In a move that could blaze a small but important trail for workers’ rights across the U.S., Nevada has passed a bill telling employers and state agencies that they can no longer refuse to hire workers on the basis of their testing positive for cannabis. It’s a long way to come for a state that was once infamous for its notoriously strong prohibitionist laws penalizing those in possession of marijuana.
Last week, Governor Steve Sisolak signed AB 132, which prohibits the denial of employment to cannabis consumers after drug pre-screenings. Advocates are hailing the passage of the bill because it finally clears a major gap in the law between states that have rendered marijuana totally legal for medical or recreational purposes and those U.S. companies that try to block their workers from toking up at all.
In Nevada, as in the other several states that have made recreational cannabis legal across the country, employers were still able to turn people away from jobs if they failed the “whizz quiz,” or urine-based drug tests. NFL players seeking to recover from the intense physical pressures of football are unable to use cannabis-based remedies, doctors have lost their licenses for using medicinal cannabis, and 48 percent of businesses in otherwise weed-friendly Colorado have “well-defined” rules that allow them to fire employees if marijuana is detected in a worker’s test results.
According to the Nevada law, which kicks in January:
“It is unlawful for any employer in this State to fail or refuse to hire a prospective employee because the prospective employee submitted to a screening test and the results of the screening test indicate the presence of marijuana.”
However, a number of provisions in the bill complicate matters. Safety-sensitive positions including first responders such as firefighters and EMTs, doctors, transportation and construction workers are exempt from the bill, as are workers who belong to collective bargaining agreements—which bars union workers who are extant across numerous industries in Nevada, according to Merry Jane. Additionally, federal law demands that workers like truck drivers must take drug tests.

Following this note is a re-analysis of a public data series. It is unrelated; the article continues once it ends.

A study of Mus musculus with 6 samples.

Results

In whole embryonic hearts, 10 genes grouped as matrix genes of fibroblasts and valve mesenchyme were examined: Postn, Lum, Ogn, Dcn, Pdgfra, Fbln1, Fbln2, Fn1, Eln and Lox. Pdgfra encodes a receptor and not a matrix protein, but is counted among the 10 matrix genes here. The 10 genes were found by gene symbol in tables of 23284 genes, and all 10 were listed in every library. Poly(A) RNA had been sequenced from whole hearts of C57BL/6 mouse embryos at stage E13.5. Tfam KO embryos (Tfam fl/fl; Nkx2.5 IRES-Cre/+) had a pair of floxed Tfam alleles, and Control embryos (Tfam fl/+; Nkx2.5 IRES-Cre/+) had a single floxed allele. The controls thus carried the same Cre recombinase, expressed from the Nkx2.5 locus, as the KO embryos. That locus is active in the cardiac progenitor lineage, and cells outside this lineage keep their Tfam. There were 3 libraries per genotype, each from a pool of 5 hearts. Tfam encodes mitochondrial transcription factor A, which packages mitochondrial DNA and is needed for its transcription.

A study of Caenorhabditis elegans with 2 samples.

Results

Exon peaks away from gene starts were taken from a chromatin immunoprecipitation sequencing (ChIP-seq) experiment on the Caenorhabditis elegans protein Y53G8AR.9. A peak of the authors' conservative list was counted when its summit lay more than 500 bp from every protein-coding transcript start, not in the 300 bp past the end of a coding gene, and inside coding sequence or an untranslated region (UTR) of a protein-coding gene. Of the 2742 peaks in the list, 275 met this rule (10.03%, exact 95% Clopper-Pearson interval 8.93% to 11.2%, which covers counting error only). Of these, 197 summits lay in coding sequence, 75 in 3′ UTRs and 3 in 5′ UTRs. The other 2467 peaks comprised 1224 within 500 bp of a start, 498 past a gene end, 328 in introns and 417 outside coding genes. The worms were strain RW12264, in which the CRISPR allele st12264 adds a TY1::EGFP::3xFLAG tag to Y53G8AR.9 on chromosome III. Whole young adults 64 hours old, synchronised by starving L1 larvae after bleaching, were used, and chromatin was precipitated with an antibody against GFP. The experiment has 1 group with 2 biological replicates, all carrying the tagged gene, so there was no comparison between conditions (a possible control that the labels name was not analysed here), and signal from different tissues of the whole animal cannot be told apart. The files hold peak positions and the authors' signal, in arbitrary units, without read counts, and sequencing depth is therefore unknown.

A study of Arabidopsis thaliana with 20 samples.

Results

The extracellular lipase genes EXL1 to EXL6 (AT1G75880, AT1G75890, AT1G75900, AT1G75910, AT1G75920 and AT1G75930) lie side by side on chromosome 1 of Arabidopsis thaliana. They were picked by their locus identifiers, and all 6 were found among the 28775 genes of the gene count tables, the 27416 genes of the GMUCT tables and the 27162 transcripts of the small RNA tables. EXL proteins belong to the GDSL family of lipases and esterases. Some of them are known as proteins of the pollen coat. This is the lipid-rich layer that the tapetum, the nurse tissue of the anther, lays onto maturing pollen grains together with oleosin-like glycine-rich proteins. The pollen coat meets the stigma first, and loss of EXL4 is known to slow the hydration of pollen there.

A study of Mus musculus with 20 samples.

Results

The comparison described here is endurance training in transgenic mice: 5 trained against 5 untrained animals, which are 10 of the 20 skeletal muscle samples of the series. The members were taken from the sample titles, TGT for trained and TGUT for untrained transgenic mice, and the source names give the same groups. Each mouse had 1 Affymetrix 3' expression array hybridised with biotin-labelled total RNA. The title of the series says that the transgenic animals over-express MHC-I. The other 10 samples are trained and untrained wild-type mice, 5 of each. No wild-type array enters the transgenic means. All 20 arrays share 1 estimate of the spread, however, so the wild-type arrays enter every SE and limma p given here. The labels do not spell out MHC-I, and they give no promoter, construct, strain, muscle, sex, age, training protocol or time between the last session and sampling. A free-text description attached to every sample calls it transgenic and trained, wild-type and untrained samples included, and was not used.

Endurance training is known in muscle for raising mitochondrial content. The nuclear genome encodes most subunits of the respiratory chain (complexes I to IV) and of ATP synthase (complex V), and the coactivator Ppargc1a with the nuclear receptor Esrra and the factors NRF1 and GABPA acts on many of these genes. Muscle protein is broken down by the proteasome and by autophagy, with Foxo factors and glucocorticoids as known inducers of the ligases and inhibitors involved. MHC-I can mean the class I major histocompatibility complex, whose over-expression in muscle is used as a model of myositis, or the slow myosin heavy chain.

Paul Enos, the chief executive of the Nevada Trucking Association who helped ensure revisions to the law that would allow safety exemptions for certain workers, told the Washington Post:
“We want to make sure we have safety conscious individuals … The bill gives employers a tremendous amount of discretion to determine whether or not the position they are hiring for could impact the safety of others … They can still use positive tests for marijuana to deny the job.”
The law has come a long way since it was introduced, with some employers accusing state politicians of allowing workers to blaze it up while on the clock.
Lead sponsor of AB 132 and Democratic Assemblywoman Dina Neal said during a hearing for the bill in February:
“There is nothing in AB132 that prevents an employer from having a policy prohibiting the possession or use of marijuana at the workplace … The bill does not get into violating the [federal] supremacy clause or get into the business of usurping federal law and preventing rights of federal employees.”
Yet Madisen Saglibene, the executive director of the Nevada and Las Vegas chapters of NORML, worked hard alongside legislators to ensure the bill’s passage in the face of opposition from industry representatives and politicians like Ellen Spiegel, chair of the Commerce and Labor committee.
Saglibene told VICE that the troubling provisions in the bill were a result of compromises necessary to pass the bill, explaining:
“It was hated … It was one of those things where we were meeting with legislators and they were like, Absolutely not. We are not taking away employers’ right to hire who they want.”
But thanks to Neal, who held meetings with all parties interested in the bill, a compromise was finally met. Saglibene said:
“By the time it was having its final public comments, most of the stakeholders who were initially against it testified as neutral … which is saying a lot, actually, considering they were so vehemently opposed.”
Gov. Sisolak has also signed Assembly Bill 192, which provides for a process through which individuals can petition to have their criminal records sealed if their conviction was for offenses that were eventually decriminalized, such as for a cannabis conviction.
Saglibene remains optimistic about the prospects of the AB 132, which opens the door to similar—and perhaps stronger—legislation across the country. Acknowledging that there is still work ahead, she noted:
“We’re very pleased … This isn’t the end-all-be-all but this is absolutely a step in the right direction.”